Judgment at Nuremberg
The movie Judgment at Nuremberg which was released in 1961, was a fictionalized account of the Trial of four judges who implemented the orders of Hitler’s Secret Service to carry out mass extermination of Jews. The film depicts individual involvement in crime perpetrated by the State. This is the story of defense officials of Hitler’s regime, who survived the war by following the law of the country. The trial scene in the film begins with the prosecution attorney calling the accused officials to account for the brutalities, atrocities, and murders committed by them during the Nazi regime. The prosecution didn’t allow for ignorance as a justification, for all the officials during the Nazi regime, was educated and knowledgeable adults. The defense counsel sought fairness of judgment and honest evaluation of charges against the German officials and opined that the sole purpose of the judges was to carry out and abide by the law. The defense counsel argued that whatever the accused had done was for the love of their country, and between patriotism and treason, they had chosen the former, as they had no other choice.
During the Feldenstein case in which the accused was charged with race mixing, the prosecution attorney was hell bent to prove Feldenstein guilty. In the movie, the defense counsel kept badgering Irene Hoffman to admit her affair with Feldenstein
and despite Feldenstein’s innocence, he was found guilty and was executed. Defense judge Jenning took a noticeably silent stance and didn’t take action to prevent this unfair judgment. The prosecutor submitted evidences including a film on Nazi holocaust, which was shown in the court, but the defense counsel objected to it and said it was not fair to show these against those defendants because they were not party to the holocaust horrors shown in the film. In the final judgment made by the tribunal, all the accused were found guilty and they received life imprisonment.
The movie “The Judgment at Nuremberg”, which own Academy award for best script and best actor, is an intensely absorbing movie which fires the imagination of the viewers about the holocaust time. Maximilian Schell, who defended the Fascist regime of Hitler throughout the trial deservedly won the best actor Academy Award for his electrifying performance. There was brilliant and mesmerizing performance by Spencer Tracy as a somnolent judge, Montgomery Clift as a former concentration camp inmate, and Burt Lancaster, as a pre-eminent German judge with a difference. The entire cast of the film was brilliant and the entire courtroom drama and examination of legal pros and cons were done with such superb acting prowess that one cannot drag ones eyes away from the screen. No one perhaps could have done this film in a better way. The movie leaves an unforgettable imprint on the minds of viewers and is a truly well researched and classic movie.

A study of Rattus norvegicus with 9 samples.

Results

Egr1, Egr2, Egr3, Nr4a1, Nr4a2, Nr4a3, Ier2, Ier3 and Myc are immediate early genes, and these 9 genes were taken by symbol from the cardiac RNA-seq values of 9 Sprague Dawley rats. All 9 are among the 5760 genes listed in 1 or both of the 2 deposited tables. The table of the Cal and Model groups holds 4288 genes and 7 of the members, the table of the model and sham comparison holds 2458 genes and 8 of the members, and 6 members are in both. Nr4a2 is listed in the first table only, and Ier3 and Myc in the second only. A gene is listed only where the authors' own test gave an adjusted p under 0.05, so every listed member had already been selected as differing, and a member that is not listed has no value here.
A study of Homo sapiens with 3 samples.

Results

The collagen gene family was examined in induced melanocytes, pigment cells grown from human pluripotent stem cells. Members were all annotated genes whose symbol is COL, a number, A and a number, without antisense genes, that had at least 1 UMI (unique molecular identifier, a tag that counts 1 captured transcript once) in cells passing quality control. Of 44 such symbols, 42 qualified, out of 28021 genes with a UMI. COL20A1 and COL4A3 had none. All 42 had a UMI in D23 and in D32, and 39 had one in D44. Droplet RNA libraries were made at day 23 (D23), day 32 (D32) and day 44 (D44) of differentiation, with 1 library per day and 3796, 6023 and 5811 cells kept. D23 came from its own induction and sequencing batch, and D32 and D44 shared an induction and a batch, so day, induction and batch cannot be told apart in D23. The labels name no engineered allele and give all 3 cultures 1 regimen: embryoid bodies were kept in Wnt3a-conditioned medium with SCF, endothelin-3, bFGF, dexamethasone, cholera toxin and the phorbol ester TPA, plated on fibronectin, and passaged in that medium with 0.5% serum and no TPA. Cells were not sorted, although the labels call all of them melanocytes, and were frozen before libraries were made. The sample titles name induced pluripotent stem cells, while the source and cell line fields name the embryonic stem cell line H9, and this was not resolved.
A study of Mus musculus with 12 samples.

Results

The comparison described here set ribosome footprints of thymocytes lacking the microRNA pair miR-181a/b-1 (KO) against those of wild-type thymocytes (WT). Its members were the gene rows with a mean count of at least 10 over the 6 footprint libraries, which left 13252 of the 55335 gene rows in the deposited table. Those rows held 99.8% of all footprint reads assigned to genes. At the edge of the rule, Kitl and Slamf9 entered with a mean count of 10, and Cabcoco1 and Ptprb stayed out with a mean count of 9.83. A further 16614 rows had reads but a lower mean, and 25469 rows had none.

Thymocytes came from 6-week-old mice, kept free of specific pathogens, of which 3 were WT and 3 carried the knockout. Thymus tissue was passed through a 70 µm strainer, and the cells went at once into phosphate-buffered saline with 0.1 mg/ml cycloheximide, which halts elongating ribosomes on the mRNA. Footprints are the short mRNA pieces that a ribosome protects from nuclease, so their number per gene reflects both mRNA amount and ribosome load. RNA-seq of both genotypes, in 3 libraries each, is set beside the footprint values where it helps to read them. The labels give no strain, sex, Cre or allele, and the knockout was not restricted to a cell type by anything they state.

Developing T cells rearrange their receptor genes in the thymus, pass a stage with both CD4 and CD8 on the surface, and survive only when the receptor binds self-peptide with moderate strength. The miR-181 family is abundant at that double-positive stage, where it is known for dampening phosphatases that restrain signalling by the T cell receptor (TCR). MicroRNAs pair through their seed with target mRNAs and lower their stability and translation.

The screenplay of the movie is magnificent and the depiction honest, with equal weightage given to both sides. Brilliance of the screenplay is compounded by superb acting by almost all the casts. Both the prosecutor and defense side fought their case marked by high emotion and drama. The theme of the movie itself is ageless and the atrocities committed and the wounds inflicted during Hiltler’s regime can be re-lived again vividly. The film also deals with an important question that came up during the trial. Can the people, who are abiding the country’s existing law and are obeying the order of the highest authority, be held responsible for their act of inhumanity and for the fate of those affected by their act of brutality? A fine courtroom drama, long, yet never dragging.